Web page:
The Domestic Abuse Commissioner responds to the Government’s response to ‘Safety Before Status the Solutions’

Today I have written to the Immigration Minister, the Rt Hon Robert Jenrick MP, about my concerns in the Government’s response to my report published last December ‘Safety Before Status the Solutions’.

‘Safety Before Status: The Solutions’, lays out evidence-based estimates of the number of migrant survivors with no recourse to public funds (NRPF) in the UK in need of support, as well as the cost of providing support and the benefits of doing so.

The report set out concrete proposals for the government, drawing on research by the London School of Economics, in partnership with the Oxford Migration Observatory.

Yesterday the Home Office published its response to the report’s recommendations. Whilst I welcome the commitments made in their response, I remain very concerned about the huge gaps that remain for migrant victims and survivors.

I am pleased that the Government has included how perpetrators can use immigration status as a tool of abuse in the April 2023 Controlling and Coercive Behaviour Statutory Guidance. This will be important in improving frontline understanding and recognition of this tactic and type of abuse.

I am also glad that the Government recognises that there is more work to be done and will continue to work with my Office for future policy development on this issue.

However, the Government’s response does not provide any new, or substantive commitments for migrant survivors of domestic abuse. No victim or survivor of domestic abuse should ever be prevented from accessing the support and protection they need because of their status, and victims should be treated as victims, first and foremost.

In my report, I offered two scenarios to improve outcomes for migrant survivors. If adopted, my preferred scenario would have generated overall social gains worth almost £2.3 billion over 10 years of supporting migrant survivors.

Unfortunately, the Government hasn’t accepted either of these scenarios.

The report also recommended that the Government establish a firewall between immigration enforcement and public services. I am extremely disappointed that this has not been accepted and I worry for the many migrant victims and survivors who won’t report their experiences of domestic abuse for fear of deportation.

I will continue to lobby for a firewall to be established by the Government in the Victims and Prisoners Bill which is currently making its way through parliament. I am grateful to the Latin American Women’s Rights Service (LAWRS), along with other organisations and by and for services, for their enormous support with this work.

I am pleased that the Government has committed to expanding the Support for Migrant Victims Pilot for an additional two years, to provide immediate support and access to safety for those with no recourse to public funds.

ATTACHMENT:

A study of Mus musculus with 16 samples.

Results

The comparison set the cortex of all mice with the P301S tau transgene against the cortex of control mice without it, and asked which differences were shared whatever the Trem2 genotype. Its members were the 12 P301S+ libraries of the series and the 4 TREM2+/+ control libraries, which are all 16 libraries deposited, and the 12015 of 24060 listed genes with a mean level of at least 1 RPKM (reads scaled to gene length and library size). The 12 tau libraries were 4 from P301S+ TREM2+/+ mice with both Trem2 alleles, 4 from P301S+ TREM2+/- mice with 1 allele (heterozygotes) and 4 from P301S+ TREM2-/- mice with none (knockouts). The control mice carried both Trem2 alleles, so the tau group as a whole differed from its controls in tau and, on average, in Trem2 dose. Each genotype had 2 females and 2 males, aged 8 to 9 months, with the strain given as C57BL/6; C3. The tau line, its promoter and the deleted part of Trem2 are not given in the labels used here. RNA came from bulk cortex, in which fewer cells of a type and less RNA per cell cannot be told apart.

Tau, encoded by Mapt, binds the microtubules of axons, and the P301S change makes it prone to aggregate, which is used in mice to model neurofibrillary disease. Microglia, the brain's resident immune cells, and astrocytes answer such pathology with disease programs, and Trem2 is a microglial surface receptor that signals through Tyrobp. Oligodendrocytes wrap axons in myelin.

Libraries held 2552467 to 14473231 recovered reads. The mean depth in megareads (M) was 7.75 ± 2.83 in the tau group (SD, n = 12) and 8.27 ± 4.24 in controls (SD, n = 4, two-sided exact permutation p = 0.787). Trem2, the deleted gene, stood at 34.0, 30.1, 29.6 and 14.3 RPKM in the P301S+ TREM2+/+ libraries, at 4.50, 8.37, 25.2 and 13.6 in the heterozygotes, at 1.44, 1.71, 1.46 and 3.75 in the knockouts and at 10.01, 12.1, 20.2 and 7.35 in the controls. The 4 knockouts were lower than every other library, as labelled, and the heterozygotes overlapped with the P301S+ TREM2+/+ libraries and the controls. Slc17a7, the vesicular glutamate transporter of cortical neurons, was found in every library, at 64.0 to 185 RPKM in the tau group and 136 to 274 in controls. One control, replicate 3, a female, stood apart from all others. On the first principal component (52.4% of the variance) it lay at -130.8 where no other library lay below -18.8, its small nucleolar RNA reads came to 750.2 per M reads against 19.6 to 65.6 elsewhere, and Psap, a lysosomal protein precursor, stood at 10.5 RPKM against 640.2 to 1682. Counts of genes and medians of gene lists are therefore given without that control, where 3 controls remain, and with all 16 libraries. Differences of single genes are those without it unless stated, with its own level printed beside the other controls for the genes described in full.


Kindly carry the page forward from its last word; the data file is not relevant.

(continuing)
However, this doesn’t go far enough and is far from the £18.7m funding injection over 3 years that I called for local authorities to be given to ensure safe refuge for those with no recourse to public funds. A long-term solution is absolutely vital for the safety of survivors and sustainability of the services that support them.

Furthermore, as I raise in my report, the NRPF principle places a lot of the financial costs to supporting migrant survivors of domestic abuse onto the shoulders of ‘by and for’ services. I appreciate that the Home Office recognises the importance of ‘by and for’ specialist services and I have enjoyed working with the Department to improve the provision of them. However, this response speaks only to the additional £1.5 million provided to the, now total £8.4 million, fund which was opened to tender last year. This of course is welcome, but it is far from the £262.9 million I have called for. As my report lays out, these services are critical for migrant survivors who do not have access to public funds.

The benefits of survivors being able to access ‘By and For’ services are laid out in the Domestic Abuse Commissioner’s ‘Patchwork of Provision’ report which mapped services across England and Wales. It is crucial that these services receive long-term and sustainable funding, as put forward in my recommendation for a ‘By and For’ pot.

Whilst the Government hasn’t accepted my recommendation, I will carry on pushing for this dedicated ‘By and For’ pot to be established in the Victims and Prisoners Bill.

Migrant victims are, above all, victims. I firmly believe that any victim or survivor should be able to access domestic abuse support regardless of their immigration status, and I will continue advocating for their needs.

You can read my letter to the Immigration Minister here.

You can read the Government’s response here.

You can read the Domestic Abuse Commissioner’s ‘Safety Before Status: The Solutions’ policy report here and the executive summary here.